Twitter on Thursday publicly filed documents to raise up to $1 billion through an initial public offering, revealing that while the social company has been growing rapidly it remains unprofitable.

In the S-1 filing, Twitter said it had 218.3 million average monthly average users for the three months ended June 30, up 44% from a year prior. The social service said its users create approximately 500 million tweets every day.

For 2012, Twitter had $316.9 million in revenue with a net loss of $79.4 million. During the first six months of 2013, the company generated $253.6 million in revenue — more than double the year-earlier period — while its losses also mounted, to $69.3 million (versus a net loss of $49.1 million for the first half of 2012).

“(W)e expect that our revenue growth rate will slow in the future as a result of a variety of factors, including the gradual slowdown in the growth rate of our user base,” the San Francisco-based company said in the filing.

Twitter did not announce where it would list its stock, but said it intends to trade under the symbol “TWTR.”

While the company did not indicate an expected valuation, Twitter’s pricing of shares grants for employees in August and September implied that it valued itself at $9.7 billion.

The Twitter IPO is the most anticipated public offering in the Internet sector since rival Facebook went public in May 2012 — after which Facebook’s stock lost half its value in three months, before rebounding in late July of this year on strong mobile growth.

While Twitter touts its openness relative to Facebook, Twitter is smaller — about one-fifth the size of Facebook’s 1.1 billion active users worldwide. Another stark contrast: Facebook was already quite profitable when it filed for its IPO, earning $1 billion in net income on $3.71 billion in revenue for 2011.

As of June 30, 2013, Twitter said it had about 2,000 employees, hiring more than 1,800 of them in the previous two and a half years.

Among risk factors, Twitter said the biggest is that users will lose interest in the 140-character service that introduced the world to the “hashtag” and other textual shorthands. “If people do not perceive our products and services to be useful, reliable and trustworthy, we may not be able to attract users or increase the frequency of their engagement with our platform and the ads that we display,” it said.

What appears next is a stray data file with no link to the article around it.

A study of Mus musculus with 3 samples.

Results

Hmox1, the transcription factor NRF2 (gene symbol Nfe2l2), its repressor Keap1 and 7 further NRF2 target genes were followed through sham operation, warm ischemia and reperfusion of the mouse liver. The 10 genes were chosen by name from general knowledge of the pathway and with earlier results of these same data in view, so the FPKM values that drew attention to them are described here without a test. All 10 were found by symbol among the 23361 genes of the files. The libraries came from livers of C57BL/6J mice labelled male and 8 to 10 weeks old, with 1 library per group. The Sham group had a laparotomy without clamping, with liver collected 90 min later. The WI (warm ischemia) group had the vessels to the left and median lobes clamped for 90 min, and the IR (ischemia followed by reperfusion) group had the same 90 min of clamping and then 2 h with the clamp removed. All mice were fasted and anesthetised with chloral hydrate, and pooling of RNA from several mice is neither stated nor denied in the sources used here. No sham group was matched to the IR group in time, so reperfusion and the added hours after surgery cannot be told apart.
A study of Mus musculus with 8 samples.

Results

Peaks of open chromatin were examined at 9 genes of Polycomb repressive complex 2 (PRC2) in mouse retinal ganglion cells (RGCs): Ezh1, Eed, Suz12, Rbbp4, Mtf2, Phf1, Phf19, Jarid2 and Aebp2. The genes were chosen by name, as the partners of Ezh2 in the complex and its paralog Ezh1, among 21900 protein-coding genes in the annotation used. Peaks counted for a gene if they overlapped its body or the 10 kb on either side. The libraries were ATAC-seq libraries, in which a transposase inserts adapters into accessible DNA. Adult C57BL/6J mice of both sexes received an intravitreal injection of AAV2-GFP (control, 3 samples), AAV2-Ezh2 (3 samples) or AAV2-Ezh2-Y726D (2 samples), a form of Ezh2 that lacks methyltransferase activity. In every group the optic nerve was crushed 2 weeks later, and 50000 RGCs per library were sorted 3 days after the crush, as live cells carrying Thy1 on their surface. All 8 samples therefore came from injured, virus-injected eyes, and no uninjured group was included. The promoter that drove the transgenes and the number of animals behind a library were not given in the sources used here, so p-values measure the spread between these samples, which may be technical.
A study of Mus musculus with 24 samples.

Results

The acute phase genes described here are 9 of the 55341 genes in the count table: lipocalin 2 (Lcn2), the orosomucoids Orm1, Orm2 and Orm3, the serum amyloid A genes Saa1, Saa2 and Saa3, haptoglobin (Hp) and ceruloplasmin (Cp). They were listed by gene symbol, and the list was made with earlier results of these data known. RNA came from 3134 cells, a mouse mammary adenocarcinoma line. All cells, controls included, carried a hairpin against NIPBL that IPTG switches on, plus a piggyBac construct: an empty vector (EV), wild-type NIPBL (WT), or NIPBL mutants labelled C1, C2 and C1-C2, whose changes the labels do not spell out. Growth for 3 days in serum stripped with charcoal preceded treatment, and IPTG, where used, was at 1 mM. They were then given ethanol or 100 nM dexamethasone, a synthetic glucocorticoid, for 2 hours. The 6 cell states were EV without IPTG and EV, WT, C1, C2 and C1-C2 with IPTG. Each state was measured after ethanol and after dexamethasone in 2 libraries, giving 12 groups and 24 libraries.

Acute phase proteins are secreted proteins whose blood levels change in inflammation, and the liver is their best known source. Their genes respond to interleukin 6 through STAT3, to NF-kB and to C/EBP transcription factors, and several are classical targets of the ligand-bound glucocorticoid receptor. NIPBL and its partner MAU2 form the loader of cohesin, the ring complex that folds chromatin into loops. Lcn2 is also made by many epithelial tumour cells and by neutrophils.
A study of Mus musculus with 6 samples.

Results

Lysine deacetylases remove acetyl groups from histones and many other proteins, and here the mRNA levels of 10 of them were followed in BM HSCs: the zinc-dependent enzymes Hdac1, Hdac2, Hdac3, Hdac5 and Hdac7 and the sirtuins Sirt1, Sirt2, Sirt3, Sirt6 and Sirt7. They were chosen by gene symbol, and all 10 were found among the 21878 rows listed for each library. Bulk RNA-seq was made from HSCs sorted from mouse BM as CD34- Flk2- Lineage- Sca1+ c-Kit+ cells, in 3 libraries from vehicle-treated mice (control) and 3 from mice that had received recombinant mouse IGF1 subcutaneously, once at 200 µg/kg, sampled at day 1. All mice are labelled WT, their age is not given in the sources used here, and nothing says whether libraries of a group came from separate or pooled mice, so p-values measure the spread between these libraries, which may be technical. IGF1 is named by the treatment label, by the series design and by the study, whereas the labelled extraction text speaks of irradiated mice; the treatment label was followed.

Twitter’s S-1 disclosed terms of several recent acquisitions. In February 2013, it bought Bluefin Labs, a social TV analytics startup, for $67.3 million in stock (with $60 million of that recorded as goodwill). In January 2013, the Company acquired Crashlytics, Inc. (“Crashlytics”), a privately-held company based in Cambridge, Massachusetts, which developed mobile application crash reporting and analysis solutions for mobile application developers. The acquisition of Crashlytics has been accounted for as a business combination. The purchase price of $38.2 million paid in the Company’s common stock.

On Sept. 9, Twitter entered into an agreement to acquire mobile ad exchange MoPub for 14.79 million shares of Twitter common stock; Twitter’s recent internal stock valuation suggests that deal is worth around $300 million.

Last month Twitter announced (in a tweet) that it had filed an S-1 registration statement confidentially with the Securities and Exchange Commission under the provisions of the Jumpstart Our Business Startups (JOBS) Act. The 2012 law, which applies to businesses with less than $1 billion in annual revenue, is aimed at encouraging smaller companies to go public. Under the JOBS Act, qualifying companies do not have to make their IPO filing public until 21 days prior to the “roadshow” for prospective investors.

Goldman Sachs is leading the Twitter offering, along with Morgan Stanley and J.P. Morgan. Also underwriting the IPO are BofA Merrill Lynch, Deutsche Bank, Allen & Co. and CODE Advisors.